An Application of the UTAUT Model for Understanding Acceptance and Use of ICT by Nigerian University Academicians

An Application of the UTAUT Model for Understanding Acceptance and Use of ICT by Nigerian University Academicians

N. D. Oye (Universiti Teknologi Malaysia, Malaysia), N. A. Iahad (Universiti Teknologi Malaysia, Malaysia) and Nor Zairah Ab Rahim (Universiti Teknologi Malaysia, Malaysia)
DOI: 10.4018/978-1-4666-1957-9.ch013

According to Bandele (2006), ICT is a revolution that involves the use of computers, internet and other telecommunication technology in every aspect of human endeavour. Ozoji in Jimoh (2007) defined ICT as the handling and processing of information (texts, images, graphs, instruction etc) for use, by means of electronic and communication devices such as computers, cameras, telephone. Ofodu (2007) also refers to ICT as electronic or computerized devices, assisted by human and interactive materials that can be used for a wide range of teaching and learning as well as for personal use. From these definitions, ICT could therefore be defined as processing and sharing of information using all kinds of electronic device, an umbrella that includes all technologies for the manipulation and communication of information. This new development is a strong indication that the era of teachers without ICT skills are gone. Any classroom teacher with adequate and professional skills in ICT utilization will definitely have his students perform better in classroom learning. Teaching and learning has gone beyond the teacher standing in front of a group of pupils and disseminating information to them without the students’ adequate participation (Ajayi, 2008).

The ICT facilities used in the teaching learning process in schools according to Bandele (2006), Bolaji (2003), Bryers (2004), and Ofodu (2007) include; radio, television, computers, overhead projectors, optical fibers, fax machines, CD-Rom, Internet, electronic notice board, slides, digital multimedia, video/VCD machine and so on. In fact some of the facilities are not sufficiently provided for teaching – learning process in the institutions of learning. Undoubtedly, this might account for why teachers are not making use of them in their teaching.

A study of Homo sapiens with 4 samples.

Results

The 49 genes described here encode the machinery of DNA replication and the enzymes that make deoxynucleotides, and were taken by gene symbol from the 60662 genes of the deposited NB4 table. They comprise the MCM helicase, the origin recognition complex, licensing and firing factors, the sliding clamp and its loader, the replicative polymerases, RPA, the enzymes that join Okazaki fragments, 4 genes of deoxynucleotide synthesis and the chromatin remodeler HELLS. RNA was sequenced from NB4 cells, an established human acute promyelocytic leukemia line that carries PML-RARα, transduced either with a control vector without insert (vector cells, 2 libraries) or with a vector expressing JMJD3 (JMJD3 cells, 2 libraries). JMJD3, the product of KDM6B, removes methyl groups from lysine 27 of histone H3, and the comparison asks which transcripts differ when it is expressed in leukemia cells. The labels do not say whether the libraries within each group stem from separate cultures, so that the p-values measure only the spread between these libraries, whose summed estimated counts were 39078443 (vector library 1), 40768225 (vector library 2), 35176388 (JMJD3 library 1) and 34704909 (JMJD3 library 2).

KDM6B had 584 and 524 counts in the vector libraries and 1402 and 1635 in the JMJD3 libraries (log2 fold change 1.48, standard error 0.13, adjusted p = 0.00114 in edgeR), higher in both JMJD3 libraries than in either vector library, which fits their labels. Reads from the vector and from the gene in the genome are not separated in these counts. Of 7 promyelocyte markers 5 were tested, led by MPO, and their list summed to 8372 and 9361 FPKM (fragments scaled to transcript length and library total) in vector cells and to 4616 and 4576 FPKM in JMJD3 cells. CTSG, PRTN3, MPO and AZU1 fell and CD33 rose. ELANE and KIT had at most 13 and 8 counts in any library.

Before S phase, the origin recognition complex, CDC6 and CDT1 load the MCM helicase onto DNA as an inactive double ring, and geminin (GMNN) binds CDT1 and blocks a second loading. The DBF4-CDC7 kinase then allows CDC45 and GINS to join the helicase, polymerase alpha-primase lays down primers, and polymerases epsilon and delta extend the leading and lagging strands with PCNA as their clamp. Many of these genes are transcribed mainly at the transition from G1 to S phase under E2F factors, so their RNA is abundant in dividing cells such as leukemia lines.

In Nigeria the available infrastructure for ICT in most of these universities are grossly inadequate. It was observed that most university students still visit internet off campus because of too much demand on the internet on-campus. The bandwidths shared on most of these systems at cyber Cafés are still low, hence much time is still wasted on internet browsing. Olaniyi (2006) was of the view that most of the institutions of higher learning in Nigeria have started building their ICT centres but they focus mainly on internet facilities without considering other components that make up ICT Centre. However ICT infrastructure has not been the priority of government. Government policy has been the deregulation of telecommunication industry. ICT infrastructures are therefore mostly provided by private entrepreneur for business purpose (Akinsola, Marlien, & Jacobs, 2005).